When it comes to politics, the truth is hard to come by. More times than not, it takes an independent (aka bipartisan) group to unveil the reality that underlies the political rhetoric. Once again, the focus is the Troubled Asset Relief Program (“TARP”). A recent article found here summarizes the findings of a report to Congress from Special Inspector General of the Troubled Asset Relief Program (SIGTARP). This article highlights results that conflict with the White House’s contention that TARP was both profitable and complete. This is consistent with the findings of another new report issued by the GAO (Government Accountability Office).
Among other things, the GAO reports the following:
- Almost 50% of the banks that repaid the TARP did so with funds they received from other federal programs. Effectively, the taxpayers that bailed out the “troubled” banks have been repaid with their own taxpayer money, just from a different government funded effort.
- Even though banks continue to exit TARP, the number of banks that are reneging or missing their required dividend and interest payments back to the Treasury program has increased.
- The number of institutions in TARP’s Capital Asset Purchase Program (CPP) (i.e., where the Treasury invests in bank securities) “designated as problem banks — that is, demonstrating financial, operational, or managerial weaknesses that threatened their continued financial viability — also rose from 47 in December 2009 to 130 in December 2011… Institutions that continue to miss payments and problem institutions may have difficulty ever fully repaying their CPP investments.”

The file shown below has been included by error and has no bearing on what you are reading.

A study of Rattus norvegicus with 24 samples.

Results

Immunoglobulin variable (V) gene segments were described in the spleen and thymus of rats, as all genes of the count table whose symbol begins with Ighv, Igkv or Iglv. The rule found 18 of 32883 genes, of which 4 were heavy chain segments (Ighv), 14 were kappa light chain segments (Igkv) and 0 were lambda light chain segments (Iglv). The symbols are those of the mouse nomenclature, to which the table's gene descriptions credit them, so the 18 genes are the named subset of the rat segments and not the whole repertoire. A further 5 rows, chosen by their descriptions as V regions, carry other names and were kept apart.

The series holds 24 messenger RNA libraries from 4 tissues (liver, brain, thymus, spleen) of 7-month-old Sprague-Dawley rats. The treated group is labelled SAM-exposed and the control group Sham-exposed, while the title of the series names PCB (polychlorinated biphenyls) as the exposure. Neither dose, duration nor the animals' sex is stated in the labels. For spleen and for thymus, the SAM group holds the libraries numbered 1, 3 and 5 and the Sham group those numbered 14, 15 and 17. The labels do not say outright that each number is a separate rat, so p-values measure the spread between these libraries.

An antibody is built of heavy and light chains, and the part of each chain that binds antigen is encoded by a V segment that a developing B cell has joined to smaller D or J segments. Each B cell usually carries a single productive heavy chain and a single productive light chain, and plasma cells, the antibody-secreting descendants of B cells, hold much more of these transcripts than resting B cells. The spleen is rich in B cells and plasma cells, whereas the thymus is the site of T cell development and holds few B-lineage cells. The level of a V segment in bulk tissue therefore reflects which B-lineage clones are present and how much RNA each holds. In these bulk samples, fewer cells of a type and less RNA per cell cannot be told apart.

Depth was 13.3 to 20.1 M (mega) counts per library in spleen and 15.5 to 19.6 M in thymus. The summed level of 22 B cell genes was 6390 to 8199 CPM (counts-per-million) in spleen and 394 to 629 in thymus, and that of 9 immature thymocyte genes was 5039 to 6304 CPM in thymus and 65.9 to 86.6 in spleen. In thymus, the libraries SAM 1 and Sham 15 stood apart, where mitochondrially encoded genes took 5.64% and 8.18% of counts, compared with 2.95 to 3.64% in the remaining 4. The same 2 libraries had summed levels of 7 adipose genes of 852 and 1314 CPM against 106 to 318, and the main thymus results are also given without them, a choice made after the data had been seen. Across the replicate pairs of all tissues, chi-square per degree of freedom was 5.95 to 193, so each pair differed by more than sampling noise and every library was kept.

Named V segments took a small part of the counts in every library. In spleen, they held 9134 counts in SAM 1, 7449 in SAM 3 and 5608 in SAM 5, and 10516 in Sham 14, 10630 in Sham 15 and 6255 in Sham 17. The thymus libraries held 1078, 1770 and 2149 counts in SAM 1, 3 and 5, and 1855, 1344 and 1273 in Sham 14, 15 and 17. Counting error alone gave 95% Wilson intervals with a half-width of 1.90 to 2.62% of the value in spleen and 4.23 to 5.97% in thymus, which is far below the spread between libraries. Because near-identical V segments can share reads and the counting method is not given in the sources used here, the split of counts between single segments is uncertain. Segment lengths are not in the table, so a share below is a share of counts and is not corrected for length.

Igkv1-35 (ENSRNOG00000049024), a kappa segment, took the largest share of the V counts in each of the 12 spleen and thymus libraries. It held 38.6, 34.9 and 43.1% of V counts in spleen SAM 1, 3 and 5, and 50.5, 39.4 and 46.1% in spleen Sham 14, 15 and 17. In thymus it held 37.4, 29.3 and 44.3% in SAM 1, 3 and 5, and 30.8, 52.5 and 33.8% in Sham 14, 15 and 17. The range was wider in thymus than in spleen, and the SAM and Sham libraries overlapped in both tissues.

- “…the remaining CPP institutions were financially weaker than institutions that had exited the program and institutions that did not receive CPP capital. In particular, the remaining CPP institutions tended to be less profitable and hold riskier assets than other institutions of similar asset size. Among other things, they had significantly lower returns on average assets and higher percentages of noncurrent loans than former CPP and non-CPP institutions. They also held less regulatory capital and reserves for covering losses.”
The article found here provides additional insights on this GAO report of the continuing TARP.